Sugarcane: engineering scarcity

 
Last Updated: Thursday 17 September 2015

Ghoti, a village in the severely drought-hit Solapur district of Maharashtra, is facing acute drinking water crisis. It also has the dubious distinction of having 6,000 borewells for its 3,000- odd residents and about 40 hectare (ha) of standing sugarcane crop. Till about 15 years ago, the village had no water worries.

Things changed after two sugar factories were set up in neighbouring Karmala and Barshi tehsils. Farmers started growing sugarcane in large tracts of land. Water that came from the Ujni dam was enough for irrigation. But when monsoons failed in 2011 and 2012, they started drilling borewells in a desperate bid to save their crops.

Six per cent of Maharashtra’s cultivated area is occupied by the water-guzzling sugarcane. One ha of sugarcane ensures that at least four ha of other crops are deprived of water. “Its water footprint is alarming,” says D M More, former director general of the state government’s water resource department. “At present, sugarcane alone consumes water equivalent to the total storage capacity of all dams in Maharashtra,” he says. More now runs the non-profit Maharashtra Sinchan Sahayog and has done a two-year study on the impact of sugarcane crop in the state.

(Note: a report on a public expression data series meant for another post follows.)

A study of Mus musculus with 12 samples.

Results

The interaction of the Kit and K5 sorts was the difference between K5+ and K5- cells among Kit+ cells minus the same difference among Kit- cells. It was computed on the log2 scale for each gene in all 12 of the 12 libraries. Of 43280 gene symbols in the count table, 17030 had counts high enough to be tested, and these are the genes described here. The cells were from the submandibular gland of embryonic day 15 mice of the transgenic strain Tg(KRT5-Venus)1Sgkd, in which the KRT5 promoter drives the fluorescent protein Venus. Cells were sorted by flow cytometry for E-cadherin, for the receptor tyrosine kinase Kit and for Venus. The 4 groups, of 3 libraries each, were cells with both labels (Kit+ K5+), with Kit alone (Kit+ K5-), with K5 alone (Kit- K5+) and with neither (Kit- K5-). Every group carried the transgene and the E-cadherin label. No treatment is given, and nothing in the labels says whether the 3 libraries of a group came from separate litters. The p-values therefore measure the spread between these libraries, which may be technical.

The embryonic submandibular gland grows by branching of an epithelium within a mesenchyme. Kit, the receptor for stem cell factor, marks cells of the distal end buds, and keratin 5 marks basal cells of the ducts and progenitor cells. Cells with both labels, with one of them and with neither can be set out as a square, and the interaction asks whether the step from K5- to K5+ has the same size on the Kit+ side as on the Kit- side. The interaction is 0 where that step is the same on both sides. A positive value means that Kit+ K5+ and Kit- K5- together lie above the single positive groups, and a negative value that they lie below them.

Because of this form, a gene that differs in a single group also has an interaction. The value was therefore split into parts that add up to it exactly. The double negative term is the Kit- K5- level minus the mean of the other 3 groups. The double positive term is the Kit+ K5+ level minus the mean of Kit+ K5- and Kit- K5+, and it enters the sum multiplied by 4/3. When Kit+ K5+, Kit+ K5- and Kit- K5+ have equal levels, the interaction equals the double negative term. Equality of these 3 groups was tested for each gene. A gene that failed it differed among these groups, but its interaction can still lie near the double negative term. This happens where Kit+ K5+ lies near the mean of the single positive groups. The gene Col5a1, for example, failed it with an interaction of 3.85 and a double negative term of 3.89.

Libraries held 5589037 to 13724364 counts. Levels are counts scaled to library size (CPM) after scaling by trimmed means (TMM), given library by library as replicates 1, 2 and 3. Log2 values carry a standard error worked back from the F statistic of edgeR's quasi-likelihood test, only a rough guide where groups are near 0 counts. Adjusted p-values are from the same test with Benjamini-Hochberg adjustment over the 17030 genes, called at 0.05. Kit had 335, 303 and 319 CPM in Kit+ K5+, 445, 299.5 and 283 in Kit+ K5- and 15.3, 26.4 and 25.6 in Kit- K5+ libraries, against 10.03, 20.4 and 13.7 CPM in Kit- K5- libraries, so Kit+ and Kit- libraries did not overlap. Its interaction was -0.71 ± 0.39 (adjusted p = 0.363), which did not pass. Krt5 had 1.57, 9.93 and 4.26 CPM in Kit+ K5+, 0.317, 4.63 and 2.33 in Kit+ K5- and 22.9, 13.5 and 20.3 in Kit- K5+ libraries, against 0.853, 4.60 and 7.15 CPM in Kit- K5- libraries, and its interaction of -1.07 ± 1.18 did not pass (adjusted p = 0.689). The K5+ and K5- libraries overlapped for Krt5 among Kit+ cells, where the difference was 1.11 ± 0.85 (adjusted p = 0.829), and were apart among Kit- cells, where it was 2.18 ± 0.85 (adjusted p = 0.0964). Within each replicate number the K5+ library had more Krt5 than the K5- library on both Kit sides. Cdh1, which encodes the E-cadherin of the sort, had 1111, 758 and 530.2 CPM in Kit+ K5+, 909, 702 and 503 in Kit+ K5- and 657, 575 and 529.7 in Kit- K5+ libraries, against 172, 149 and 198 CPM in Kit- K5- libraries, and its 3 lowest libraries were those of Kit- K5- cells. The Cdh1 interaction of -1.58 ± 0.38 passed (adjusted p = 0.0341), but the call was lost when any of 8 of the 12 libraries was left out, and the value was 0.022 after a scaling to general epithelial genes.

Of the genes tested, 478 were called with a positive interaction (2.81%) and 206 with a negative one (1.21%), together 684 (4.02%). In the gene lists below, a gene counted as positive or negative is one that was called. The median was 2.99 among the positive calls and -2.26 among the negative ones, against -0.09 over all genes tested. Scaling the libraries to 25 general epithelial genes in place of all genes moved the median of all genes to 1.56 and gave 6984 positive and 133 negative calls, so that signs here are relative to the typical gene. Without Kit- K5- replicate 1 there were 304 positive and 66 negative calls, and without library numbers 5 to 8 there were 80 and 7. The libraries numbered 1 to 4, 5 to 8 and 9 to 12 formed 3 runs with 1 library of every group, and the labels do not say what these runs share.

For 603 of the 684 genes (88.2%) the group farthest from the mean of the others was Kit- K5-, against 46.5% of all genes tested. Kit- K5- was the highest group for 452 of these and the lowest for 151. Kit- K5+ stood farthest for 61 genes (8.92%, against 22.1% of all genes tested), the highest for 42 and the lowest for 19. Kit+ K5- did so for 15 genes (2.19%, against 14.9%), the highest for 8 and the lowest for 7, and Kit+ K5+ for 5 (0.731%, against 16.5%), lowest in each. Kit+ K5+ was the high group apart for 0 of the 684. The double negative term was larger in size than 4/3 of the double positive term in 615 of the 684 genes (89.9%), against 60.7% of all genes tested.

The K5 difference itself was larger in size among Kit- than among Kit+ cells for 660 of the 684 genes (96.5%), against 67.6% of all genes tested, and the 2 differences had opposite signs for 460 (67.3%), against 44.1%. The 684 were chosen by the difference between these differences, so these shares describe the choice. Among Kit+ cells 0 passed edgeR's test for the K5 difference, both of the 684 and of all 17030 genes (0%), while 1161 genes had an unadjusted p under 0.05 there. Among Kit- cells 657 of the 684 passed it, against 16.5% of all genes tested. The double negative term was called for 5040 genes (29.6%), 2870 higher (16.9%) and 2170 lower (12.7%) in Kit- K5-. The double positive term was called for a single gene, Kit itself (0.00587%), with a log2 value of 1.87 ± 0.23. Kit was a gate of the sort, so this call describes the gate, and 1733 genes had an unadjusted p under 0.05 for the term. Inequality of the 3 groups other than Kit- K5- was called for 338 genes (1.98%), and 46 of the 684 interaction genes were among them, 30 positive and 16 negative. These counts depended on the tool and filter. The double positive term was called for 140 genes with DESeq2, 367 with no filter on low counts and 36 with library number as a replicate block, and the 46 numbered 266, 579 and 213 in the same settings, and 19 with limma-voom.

Excessive digging of borewells is drying up aquifers. Villages that have standing sugarcane crops are buying drinking water from private tankers, he says. “There is a growing feeling among people that they are being deprived of their rightful share of drinking water even as others’ crops flourish,” says Madhav Chitale, head of the Maharashtra Water and Irrigation Commission, 1999.

The commission recommends a cap on new sugar factories in water-deficit river basins, and shifting of sugar factories out of drought-prone areas. The 1999 Godbole committee, constituted to investigate sick sugar cooperatives, had made a similar recommendation. D K Pal, former head of Division of Soil Studies, National Bureau of Soil Survey and Land Use Planning, Nagpur, says his institution has repeatedly recommended a return to traditional rain-fed crops of the region such as legumes and oilseeds. Canal irrigation, which is used to extend sugarcane acreage, is detrimental to arid soil, he says. “In some districts such as Dhule and Ahmednagar, salinity caused by cane cultivation has rendered huge patches of land unfit for cultivation.”

But the government has ignored all such recommendations. The reason for this conspiracy of silence is the political clout sugar cooperatives wield. Almost all sugar factories in the state are controlled by powerful politicians. Thirteen of the 30 ministers in the state cabinet are either sugar factory owners or heads of sugar cooperatives. Policy measures are, therefore, dictated by the sugar lobby.